Arts & Entertainment

Chickpea in the City: Fig & Olive

Photos by Addie Martanovic

Chickpea-in-the-CityIf you are downtown and head toward Lake Michigan, beyond the retail shops, you will find Fig & Olive (104 E. Oak St.) — a Mediterranean cuisine-inspired restaurant with an open lounge and bar.

Processed with VSCOcam with f2 presetA seafood-heavy menu, well-lit dining room and seasonal garden terrace attracted me to the Mediterranean joint. I’ve come to find that if a restaurant has a vibrant décor, natural light and large windows, the food will most likely be delicious. There are two dining rooms at Fig & Olive: one on the second level with more couches and a main bar and one on the third level that offers more tables and a smaller bar.

Right near the large open windows and flowing white curtains, we sat down on a large chair and couch filled with enormous pillows. Although I was not initially pleased to be sitting on a couch, the lighting made up for the overly relaxed environment and the couch ended up being extremely cozy.

The menu at Fig & Olive focuses on executive chef Pascal Lorange’s love for high quality olive oil and its incorporation into shareable dishes and larger plates. During brunch on weekends, soup, carpaccio, crostini and an assortment of cheeses and olives are available as small plates to share. There are also organic egg options, French-inspired cuisine, even Italian items such as bruschetta. Because I’m more of an eggs-for-any-meal-kind of girl, the menu’s egg selection worked for me, and the overload of shrimp, lobster and crab dishes fulfilled my dad’s passion for seafood.

Processed with VSCOcam with f2 presetIt was love at first glance when my eyes noticed the trio appetizer crostini ($12). Out of the 11 different crostini options –– ranging from a burrata and tomato to a manchego and fig –– I went with the heirloom carrot, charmoula (a Moroccan marinade) and carrot tapenade; the crab, heirloom tomato, avocado and apple aioli; and the shrimp, avocado, cilantro and tomato. The three arrived to the table beautifully arranged and full of colorful ingredients.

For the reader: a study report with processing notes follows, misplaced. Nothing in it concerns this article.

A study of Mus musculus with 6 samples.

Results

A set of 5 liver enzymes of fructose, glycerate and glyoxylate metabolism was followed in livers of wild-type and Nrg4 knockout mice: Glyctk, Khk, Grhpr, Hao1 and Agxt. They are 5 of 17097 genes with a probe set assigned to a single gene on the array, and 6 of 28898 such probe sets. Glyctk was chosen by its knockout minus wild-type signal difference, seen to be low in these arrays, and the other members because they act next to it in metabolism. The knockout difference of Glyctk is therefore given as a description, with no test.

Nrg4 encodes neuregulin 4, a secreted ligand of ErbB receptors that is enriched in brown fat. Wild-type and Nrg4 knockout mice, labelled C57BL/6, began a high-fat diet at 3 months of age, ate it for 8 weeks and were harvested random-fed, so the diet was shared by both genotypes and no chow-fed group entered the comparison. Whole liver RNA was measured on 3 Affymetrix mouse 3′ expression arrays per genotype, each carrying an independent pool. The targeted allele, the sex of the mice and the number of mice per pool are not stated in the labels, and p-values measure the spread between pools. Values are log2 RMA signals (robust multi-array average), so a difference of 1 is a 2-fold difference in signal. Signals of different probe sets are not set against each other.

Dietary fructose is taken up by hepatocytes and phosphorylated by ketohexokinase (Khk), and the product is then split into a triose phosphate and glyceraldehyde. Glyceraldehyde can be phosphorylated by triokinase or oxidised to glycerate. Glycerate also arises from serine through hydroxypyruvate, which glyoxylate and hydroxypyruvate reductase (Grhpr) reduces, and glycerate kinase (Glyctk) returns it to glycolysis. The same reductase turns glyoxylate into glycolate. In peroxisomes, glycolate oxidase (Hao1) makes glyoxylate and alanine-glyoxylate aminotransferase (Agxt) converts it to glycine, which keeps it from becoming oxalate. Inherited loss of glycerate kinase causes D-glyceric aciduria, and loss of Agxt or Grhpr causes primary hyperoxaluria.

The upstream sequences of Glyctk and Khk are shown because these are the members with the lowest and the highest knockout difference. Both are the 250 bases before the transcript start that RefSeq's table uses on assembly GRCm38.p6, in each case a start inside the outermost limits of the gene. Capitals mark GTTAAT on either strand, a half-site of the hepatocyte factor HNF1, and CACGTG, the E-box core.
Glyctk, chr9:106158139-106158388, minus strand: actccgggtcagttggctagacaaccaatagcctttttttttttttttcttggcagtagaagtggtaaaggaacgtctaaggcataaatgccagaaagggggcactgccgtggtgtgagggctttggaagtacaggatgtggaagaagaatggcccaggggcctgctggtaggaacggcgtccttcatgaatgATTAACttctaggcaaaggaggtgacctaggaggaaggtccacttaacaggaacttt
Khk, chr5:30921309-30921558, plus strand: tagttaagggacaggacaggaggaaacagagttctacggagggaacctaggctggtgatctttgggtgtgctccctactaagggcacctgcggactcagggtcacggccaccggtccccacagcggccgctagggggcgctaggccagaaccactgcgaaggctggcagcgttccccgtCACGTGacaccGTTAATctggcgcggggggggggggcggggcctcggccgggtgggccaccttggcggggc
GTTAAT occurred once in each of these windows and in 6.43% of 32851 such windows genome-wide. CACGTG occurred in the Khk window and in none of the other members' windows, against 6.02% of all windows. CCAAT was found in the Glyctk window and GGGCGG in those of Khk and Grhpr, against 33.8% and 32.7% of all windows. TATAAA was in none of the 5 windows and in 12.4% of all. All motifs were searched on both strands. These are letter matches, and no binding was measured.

Each crostini was too big to eat without cutting into two, which surprised me since most crostinis I’ve had tend to be bite-size. Each piece of bread was slightly softer than bruschetta would be, making them easy to bite into. Picking a favorite was extremely difficult, but the crab was probably the tastiest. The apple aioli was solely apple-based, not mayonnaise-based like I would have imagined it to be.

For our entrées, I chose the south of France poached eggs with salmon ($16) and my dad ordered the Maine lobster roll ($16). I decided to do without the cream cheese ricotta and pimentón spread that the poached eggs came with (I am not a fan of creamy sauces), but when the dish arrived at the table, it had both on the side. The poached eggs were laid on a bed of smoked salmon and crostone bread with a sliver of avocado, mesclun salad and thick potato fries on the side. The eggs were thicker than I imagined them to be, but still were as runny as I’d hoped for, just the right amount that didn’t completely drench the bread and make it soggy. I ended up dipping my roasted potatoes into the cream cheese spread and couldn’t get enough of its thick texture and light flavor. It surprisingly did not taste like cream cheese at all.

As I savored every bite of my smoked salmon and eggs, my dad quickly ate his lobster roll. He asked the waiter to hold the olive oil mayonnaise, so when his meal was delivered, it came with just tomato, apple, celery root scallions, harissa and baby arugula. A ramekin of skinny matchstick fries with ketchup came separately. Instead of being on a long horizontal bun as most lobster rolls are, this dish was on a shallot thyme brioche bun similar in size and shapeProcessed with VSCOcam with f2 preset to a hamburger bun.

My dad raved about the flavor of the large pieces of lobster, but when I took a bite, I was disappointed at the bun-to-lobster ratio. Maybe it was just a poor bite, but all I could taste was the sliced celery root pieces and bread. Even though I disapproved of the dish, my dad was thoroughly pleased with it.

The olive oil-infused menu  will leave you feeling light and satisfied when you walk out of this clean space. Even if it’s not advertised as a healthy restaurant, all of the menu items have fresh, high-quality and healthy ingredients, loaded with large amounts of protein and vegetables.

When choosing from sides to order, you can decide from an array of vegetables ($8) ranging from caramelized Brussels sprouts and onions to a mixture of sautéed spinach, fig, garlic and almond. Burgers, paninis and salads are more simple entrées to choose from. There is also a raw bar featuring a seafood tower ($75-$125) with chilled shellfish and fresh seafood on ice. You’re guaranteed to find it all at Fig & Olive.